Thursday, April 25, 2013

Skeptics Less Able Than Trusting People To Identify Lying Individuals

Posted by Milton Recht:

From The Washington Post, On Leadership, "The best lie detectors in the workplace" by Adam Grant:
[Nancy] Carter and [Mark] Weber recruited a group of people to watch the videos. Several days beforehand, they had completed a survey about whether they were generally skeptical or trusting of others. After watching the videos, the participants placed their bets about which candidates lied and which told the truth, and then made a choice about which ones they would hire.

The results were surprising. The more trusting evaluators better identified the liars among the group than the skeptics did, and were also less likely to hire those liars.

Contrary to conventional wisdom, it’s the skeptics who are easiest to fool. Why would this be? One possibility, according to Carter and Weber, is that lie-detection skills cause people to become more trusting. If you’re good at spotting lies, you need to worry less about being deceived by others, because you can often catch them in the act.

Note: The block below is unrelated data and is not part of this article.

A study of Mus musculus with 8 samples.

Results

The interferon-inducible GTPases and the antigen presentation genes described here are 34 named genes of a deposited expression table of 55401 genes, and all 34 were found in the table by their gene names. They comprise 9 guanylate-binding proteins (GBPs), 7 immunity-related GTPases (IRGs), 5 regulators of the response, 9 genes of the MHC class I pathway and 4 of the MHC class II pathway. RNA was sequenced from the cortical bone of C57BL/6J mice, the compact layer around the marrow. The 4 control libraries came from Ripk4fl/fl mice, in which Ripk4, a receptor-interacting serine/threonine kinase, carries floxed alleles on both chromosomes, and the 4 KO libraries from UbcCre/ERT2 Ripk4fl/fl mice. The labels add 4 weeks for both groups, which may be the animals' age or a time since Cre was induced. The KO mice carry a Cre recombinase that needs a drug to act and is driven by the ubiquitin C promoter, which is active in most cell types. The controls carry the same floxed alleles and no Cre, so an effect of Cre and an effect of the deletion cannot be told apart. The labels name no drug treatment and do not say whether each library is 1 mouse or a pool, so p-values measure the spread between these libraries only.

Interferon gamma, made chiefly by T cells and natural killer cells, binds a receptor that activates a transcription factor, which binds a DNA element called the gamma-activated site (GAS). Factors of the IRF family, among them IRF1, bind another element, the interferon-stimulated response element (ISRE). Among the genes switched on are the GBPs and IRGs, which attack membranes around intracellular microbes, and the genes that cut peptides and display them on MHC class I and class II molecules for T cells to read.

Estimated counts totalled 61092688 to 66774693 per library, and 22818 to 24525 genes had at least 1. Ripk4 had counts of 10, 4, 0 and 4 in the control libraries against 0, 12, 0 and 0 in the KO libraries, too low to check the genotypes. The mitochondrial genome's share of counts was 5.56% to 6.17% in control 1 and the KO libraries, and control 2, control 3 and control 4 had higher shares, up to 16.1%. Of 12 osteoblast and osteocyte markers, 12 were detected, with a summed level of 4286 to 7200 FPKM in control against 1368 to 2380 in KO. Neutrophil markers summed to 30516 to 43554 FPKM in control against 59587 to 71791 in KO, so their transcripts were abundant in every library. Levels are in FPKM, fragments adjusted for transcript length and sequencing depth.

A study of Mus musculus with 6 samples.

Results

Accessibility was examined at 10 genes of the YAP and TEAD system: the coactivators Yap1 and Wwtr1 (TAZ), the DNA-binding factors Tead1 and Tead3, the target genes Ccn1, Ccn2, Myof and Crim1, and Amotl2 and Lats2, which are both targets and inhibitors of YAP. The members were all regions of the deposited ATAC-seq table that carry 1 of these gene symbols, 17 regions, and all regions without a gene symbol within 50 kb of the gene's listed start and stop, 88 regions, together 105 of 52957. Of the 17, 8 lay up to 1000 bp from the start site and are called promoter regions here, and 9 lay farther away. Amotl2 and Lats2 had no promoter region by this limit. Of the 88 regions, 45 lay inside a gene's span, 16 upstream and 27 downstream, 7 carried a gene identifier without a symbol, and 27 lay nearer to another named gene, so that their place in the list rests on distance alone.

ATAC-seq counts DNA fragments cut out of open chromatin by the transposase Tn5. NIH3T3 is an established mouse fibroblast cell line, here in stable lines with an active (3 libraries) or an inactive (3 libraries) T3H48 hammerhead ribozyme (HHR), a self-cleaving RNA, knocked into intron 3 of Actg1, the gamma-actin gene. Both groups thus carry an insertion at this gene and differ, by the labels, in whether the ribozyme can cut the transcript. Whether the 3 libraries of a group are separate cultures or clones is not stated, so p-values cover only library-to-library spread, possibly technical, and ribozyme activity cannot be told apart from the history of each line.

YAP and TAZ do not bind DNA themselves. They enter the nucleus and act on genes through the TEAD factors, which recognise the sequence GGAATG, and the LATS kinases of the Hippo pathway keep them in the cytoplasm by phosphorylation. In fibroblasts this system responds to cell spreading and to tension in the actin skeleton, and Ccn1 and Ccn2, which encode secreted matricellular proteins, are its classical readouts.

The other possibility is that by trusting others, we sharpen our skills in reading people. Skeptics assume that most people are hiding or misrepresenting something. This makes them interpersonally risk-averse, whereas people who habitually trust others get to see a wider range of actions — from honesty to deception and generosity to selfishness. Over time, this creates more opportunities to learn about the signals that distinguish liars from truth tellers.
So what signals do trusters use to spot lies? One of the study’s findings is that they pay more attention to vocal cues than skeptics do.
Read the complete Washington Post article for links to studies.